A grey-headed flying fox is back gliding through the night after life-saving surgery on a broken wing.
The female flying fox’s wing was badly injured when she was tangled in netting placed over fruit trees in Geelong, Victoria.
She was rescued and taken to Werribee Open Range Zoo’s veterinary hospital where she needed two operations to repair the wing.
Dr Paul Eden said the flying fox was in a very serious condition when she arrived.
“Flying foxes are highly dependent* on their wings for many purposes,” Dr Eden said.
“They can fly an astonishing 6000km in a year to search for food and pollinate a wide range of plants, supporting ecosystems* such as entire eucalypt forests, an important habitat for animals like koalas and possums.
“They also use their wings to help capture insects, regulate body temperature and attract other flying foxes during mating season.
“So, it was extremely important that we did everything we could to help this animal make a full recovery.”
Vets operated to remove some of the flying fox’s damaged wing tissue and also gave her antibiotics and pain relief medication.
Following the successful procedure, the flying fox was transferred to a wildlife carer to prepare her for release back into the wild.
Injured flying fox gets lifesaving surgery
Dr Eden said it was very rewarding to see the flying fox recover fully and safely return to the wild.
Grey-headed flying foxes are classified as vulnerable* in the wild, with their population declining due to habitat loss and the impacts of climate change, particularly extreme heat, drought and fires.
Dr Eden said flying foxes played a critical role in Australia’s ecosystem, not only for the survival of other native animals but also humans.
“Our ecosystem would be dramatically different, or cease to exist altogether, without flying foxes,” Dr Eden said.
“If we don’t have flying foxes, we don’t have forests. If we don’t have forests, we don’t have as much oxygen supply. They are critical to our survival.”
Dr Eden said there were some simple actions people could take to keep flying foxes safe, including reducing the risk of entanglements by using nets with a mesh size no bigger than 5mm x 5mm when fully stretched over vegetable gardens or fruit trees.
“If you encounter a flying fox that is sick or in distress, for the safety of everyone, don’t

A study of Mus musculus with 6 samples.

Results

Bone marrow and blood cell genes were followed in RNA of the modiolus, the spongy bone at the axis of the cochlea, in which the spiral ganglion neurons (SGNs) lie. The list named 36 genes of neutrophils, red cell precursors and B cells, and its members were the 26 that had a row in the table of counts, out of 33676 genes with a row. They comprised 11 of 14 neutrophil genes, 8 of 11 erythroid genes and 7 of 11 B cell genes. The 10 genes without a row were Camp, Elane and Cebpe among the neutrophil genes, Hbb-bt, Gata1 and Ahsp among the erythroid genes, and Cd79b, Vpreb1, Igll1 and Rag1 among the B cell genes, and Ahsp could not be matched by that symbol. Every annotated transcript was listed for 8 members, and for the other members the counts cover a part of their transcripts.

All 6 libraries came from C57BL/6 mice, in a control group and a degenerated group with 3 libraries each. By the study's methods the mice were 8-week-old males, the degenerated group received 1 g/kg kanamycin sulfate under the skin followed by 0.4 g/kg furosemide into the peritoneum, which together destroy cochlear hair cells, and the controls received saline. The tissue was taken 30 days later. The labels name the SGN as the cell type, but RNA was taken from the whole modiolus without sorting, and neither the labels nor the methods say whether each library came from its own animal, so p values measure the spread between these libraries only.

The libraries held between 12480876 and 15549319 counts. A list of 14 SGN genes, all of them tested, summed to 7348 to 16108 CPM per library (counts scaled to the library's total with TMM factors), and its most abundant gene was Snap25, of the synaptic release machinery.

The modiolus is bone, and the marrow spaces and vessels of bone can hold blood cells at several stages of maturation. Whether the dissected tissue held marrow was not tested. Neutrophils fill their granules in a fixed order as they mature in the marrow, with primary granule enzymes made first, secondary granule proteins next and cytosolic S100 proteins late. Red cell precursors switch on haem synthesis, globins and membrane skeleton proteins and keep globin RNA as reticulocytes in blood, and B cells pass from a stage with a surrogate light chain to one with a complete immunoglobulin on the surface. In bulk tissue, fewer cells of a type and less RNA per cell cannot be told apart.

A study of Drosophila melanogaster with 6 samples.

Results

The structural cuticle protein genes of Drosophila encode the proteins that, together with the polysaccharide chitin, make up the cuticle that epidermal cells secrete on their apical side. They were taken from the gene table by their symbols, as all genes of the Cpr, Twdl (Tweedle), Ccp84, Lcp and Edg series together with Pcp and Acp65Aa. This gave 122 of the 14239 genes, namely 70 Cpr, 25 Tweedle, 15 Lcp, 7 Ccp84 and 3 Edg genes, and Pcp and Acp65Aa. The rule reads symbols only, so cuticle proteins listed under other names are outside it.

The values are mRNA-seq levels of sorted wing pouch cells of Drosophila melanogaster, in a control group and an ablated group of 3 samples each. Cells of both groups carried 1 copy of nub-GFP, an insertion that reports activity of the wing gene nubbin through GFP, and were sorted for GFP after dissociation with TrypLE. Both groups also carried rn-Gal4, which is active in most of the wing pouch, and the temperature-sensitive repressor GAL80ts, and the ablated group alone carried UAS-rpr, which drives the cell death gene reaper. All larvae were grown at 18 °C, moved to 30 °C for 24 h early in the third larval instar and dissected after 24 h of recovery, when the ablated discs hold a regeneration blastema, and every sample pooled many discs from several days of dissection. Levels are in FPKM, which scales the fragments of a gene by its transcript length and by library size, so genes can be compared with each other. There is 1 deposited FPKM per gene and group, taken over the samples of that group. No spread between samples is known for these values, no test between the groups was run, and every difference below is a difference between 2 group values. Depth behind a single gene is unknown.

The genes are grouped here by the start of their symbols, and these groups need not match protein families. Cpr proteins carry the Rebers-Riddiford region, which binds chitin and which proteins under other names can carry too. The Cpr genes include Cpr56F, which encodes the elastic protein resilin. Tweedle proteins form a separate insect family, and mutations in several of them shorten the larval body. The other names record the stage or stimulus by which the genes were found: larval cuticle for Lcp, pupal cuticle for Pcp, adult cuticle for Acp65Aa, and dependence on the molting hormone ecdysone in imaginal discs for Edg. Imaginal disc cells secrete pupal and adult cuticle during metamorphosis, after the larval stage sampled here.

attempt to rescue the animal yourself. Instead, contact Wildlife Victoria who will deploy a trained officer to rescue the animal,” Dr Eden said.
- dependent: relying on something
- ecosystems: groups of living things that live in and interact with each other in a specific environment
- vulnerable: considered to be at high risk of extinction in the wild
- How did the flying fox break her wing?
- Which zoo veterinary hospital was the flying fox taken to?
- How far can flying foxes fly in a year?
- Why are the important to the survival of koalas and possums?
- What classification do flying foxes have in the wild?
Highlight key facts about grey-headed flying foxes within this news story. Use the highlighted facts to help you create an information poster about the animal.
Your poster should include a title, a picture and paragraphs (with relevant subheadings) about three different topics related to them.
Time: allow 45 minutes to complete this activity
Curriculum Links: English; Science
Draw a diagram to show some of the ways in which flying foxes contribute to a healthy ecosystem.
Time: allow 20 minutes to complete this activity
Curriculum Links: English; Science
Imagine you were there during the event being discussed in the article, or for the interview.
Create a conversation between two characters from the article – you may need or want to include yourself as one of the characters.
Don’t forget to try to use facts and details from the article to help make your dialogue as realistic as possible.
Go through your writing and highlight any punctuation you have used in green. Make sure you carefully check the punctuation used for the dialogue and ensure you have opened and closed the speaking in the correct places.